Democrats searching for the Big New Idea that can rescue them from presidential oblivion in 1992 need not look far. Though they like to interpret recent male-female voting patterns as the inability of Republicans to win female votes, it would behoove them to observe and rectify their own failure to gain votes from men.
The traditional base of the Democrats was -- but no longer is -- ''the working man.'' There is little political kinship between this fellow and the man who occupies high office in business or industry, but certain special interests since the early '60s have persuaded the Democrats to ignore that fact and build policy around the over-generalized notion that ''men have all the power.''
The most that can accurately be said, of course, is only that some men have much power. By embracing a philosophy that labels all men as members of a privileged, powerful class, the Democrats have virtually invited their male constituents to identify -- and vote -- with the Republicans, the party of the privileged and powerful.
The Democrats can correct their blunder and reach out for the male vote in 1992 with a statement that men will welcome, a message that is straightforward, long overdue, easy to communicate and, most important, vital to America's future. The idea is simply this: ''Fathers Are Important.''
tTC Just as career issues were central to the self-respect and dignity of all women, even women who chose not to seek careers, fatherhood is central to men's, even to those men who have no children. To say that Fathers Are Important is to acknowledge all that is good about men and masculinity. After 30 years of ubiquitous negativity about maleness, the politician who dares to say good things about fathers will make a favorable impression not only on men, but also on those millions of women who know that men are better than their recent press would indicate.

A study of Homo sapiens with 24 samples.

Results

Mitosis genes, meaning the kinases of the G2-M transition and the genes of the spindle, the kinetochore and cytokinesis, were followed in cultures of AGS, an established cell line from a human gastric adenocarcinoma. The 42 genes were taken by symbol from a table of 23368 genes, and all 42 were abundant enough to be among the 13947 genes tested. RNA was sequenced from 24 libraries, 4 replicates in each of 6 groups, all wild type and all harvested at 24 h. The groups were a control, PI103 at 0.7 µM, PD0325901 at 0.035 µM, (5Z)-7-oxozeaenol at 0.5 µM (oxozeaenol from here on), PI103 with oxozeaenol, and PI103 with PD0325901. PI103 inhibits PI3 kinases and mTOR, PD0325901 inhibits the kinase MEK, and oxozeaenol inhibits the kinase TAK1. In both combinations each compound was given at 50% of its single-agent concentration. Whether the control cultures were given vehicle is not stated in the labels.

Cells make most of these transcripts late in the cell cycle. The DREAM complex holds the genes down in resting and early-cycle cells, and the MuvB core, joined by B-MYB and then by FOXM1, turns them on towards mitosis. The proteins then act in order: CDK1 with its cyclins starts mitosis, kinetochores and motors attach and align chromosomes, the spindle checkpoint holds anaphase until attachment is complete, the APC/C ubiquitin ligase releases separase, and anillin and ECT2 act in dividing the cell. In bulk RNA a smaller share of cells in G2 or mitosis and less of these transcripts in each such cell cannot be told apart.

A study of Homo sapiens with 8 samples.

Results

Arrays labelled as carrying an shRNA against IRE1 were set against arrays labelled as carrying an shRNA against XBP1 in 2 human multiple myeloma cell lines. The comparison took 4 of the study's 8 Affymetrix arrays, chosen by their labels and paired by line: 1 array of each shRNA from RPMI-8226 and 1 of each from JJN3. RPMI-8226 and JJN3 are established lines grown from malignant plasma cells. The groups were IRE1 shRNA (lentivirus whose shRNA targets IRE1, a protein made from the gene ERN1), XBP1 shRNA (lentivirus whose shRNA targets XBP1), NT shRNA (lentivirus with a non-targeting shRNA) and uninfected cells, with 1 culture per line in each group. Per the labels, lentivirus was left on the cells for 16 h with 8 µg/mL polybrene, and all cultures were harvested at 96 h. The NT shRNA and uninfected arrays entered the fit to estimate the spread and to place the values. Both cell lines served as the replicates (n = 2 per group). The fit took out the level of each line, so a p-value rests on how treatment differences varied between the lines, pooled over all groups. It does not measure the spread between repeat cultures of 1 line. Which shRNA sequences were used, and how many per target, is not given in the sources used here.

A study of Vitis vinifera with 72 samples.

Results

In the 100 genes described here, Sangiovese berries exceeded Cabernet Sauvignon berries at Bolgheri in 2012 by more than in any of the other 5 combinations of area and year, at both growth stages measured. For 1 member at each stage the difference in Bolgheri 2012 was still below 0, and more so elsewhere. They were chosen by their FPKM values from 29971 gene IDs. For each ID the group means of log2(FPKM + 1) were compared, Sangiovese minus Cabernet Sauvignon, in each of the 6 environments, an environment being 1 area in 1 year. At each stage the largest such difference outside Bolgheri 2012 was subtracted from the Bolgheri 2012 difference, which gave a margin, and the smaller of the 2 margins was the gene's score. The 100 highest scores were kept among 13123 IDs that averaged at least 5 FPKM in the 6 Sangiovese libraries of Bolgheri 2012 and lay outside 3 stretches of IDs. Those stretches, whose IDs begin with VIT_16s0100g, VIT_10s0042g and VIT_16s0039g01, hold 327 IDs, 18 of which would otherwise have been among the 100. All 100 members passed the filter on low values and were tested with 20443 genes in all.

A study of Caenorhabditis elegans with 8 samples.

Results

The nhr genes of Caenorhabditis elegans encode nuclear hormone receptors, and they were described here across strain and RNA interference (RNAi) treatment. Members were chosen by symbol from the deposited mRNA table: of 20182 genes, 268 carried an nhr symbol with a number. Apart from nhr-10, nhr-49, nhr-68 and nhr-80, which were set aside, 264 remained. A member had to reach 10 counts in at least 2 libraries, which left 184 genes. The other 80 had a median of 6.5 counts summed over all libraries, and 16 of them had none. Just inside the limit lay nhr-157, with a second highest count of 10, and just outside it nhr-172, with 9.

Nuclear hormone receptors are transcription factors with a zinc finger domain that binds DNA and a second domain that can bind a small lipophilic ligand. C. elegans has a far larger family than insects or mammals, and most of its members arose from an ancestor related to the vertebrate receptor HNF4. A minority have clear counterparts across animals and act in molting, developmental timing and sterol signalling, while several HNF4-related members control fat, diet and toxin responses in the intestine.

Beside being popular, the fatherhood message would be socially beneficial. Both major parties have paid lip service to ''family values,'' yet neither has recognized that the weakest link in the American family today is fatherhood. Social policies merely attempt to legitimize the dismal condition of the family by redefining it as a woman-with-children. Policy makers see fathers as only non-essential financial implements whose contributions to their children can be replaced neatly by cash transfers from the government or by child-support payments, coercively extracted if necessary.
But Fathers Are Important. They provide children with invaluable benefits that have nothing to do with finance. Even after controlling for the additional income a father typically provides, research consistently reveals that children with fathers generally show more respect for authority, are more altruistic, perform better in school, feel less need to participate in gang activity, and are less likely to use drugs, deal drugs, be violent or become teen-age parents. Yet 15 million children today are growing up without fathers. In the midst of our current domestic chaos, fatherhood is an effective, no-cost law-enforcement and social-work program.
Democrats must ask themselves: ''Can we bolster fatherhood without losing feminists?'' The fact that the question arises is a symptom of the problem. To be sure, some women's activists wish to treat fatherhood as nothing more than an intrusion on motherhood, but many more understand that respect for fathers is essential to feminist goals. A former president of the National Organization for Women, Karen DeCrow, has said that until men are valued as parents, the burden of child rearing will fall 'N primarily to women and frustrate their efforts to gain equity in the workplace.
And that is the reason the fatherhood message is ideally suited to Democrats and will be distasteful to Republicans. Like most conservatives, Republicans think of fathers as providers and mothers as nurturers. The GOP's longing for ''traditional family values'' would put the women's-movement genie back in the bottle, send women back to the kitchen and keep men ''out there working where they belong.'' Democrats, on the other hand, could speak sincerely of the value of involved, active fatherhood and simultaneously highlight the Republicans' lack of creativity and progress on domestic issues.
Solving America's most difficult social problems depends largely strengthening the American family. Strengthening the American family depends on rehabilitating American fatherhood. Along with opening the door for family-policy changes that will boost fatherhood, the message that Fathers Are Important will make man feel something the Democrats have not made them feel for many years: welcome and appreciated. And more willing to vote Democratic.
Jack Kammer is a former executive director of the National Congress for Men.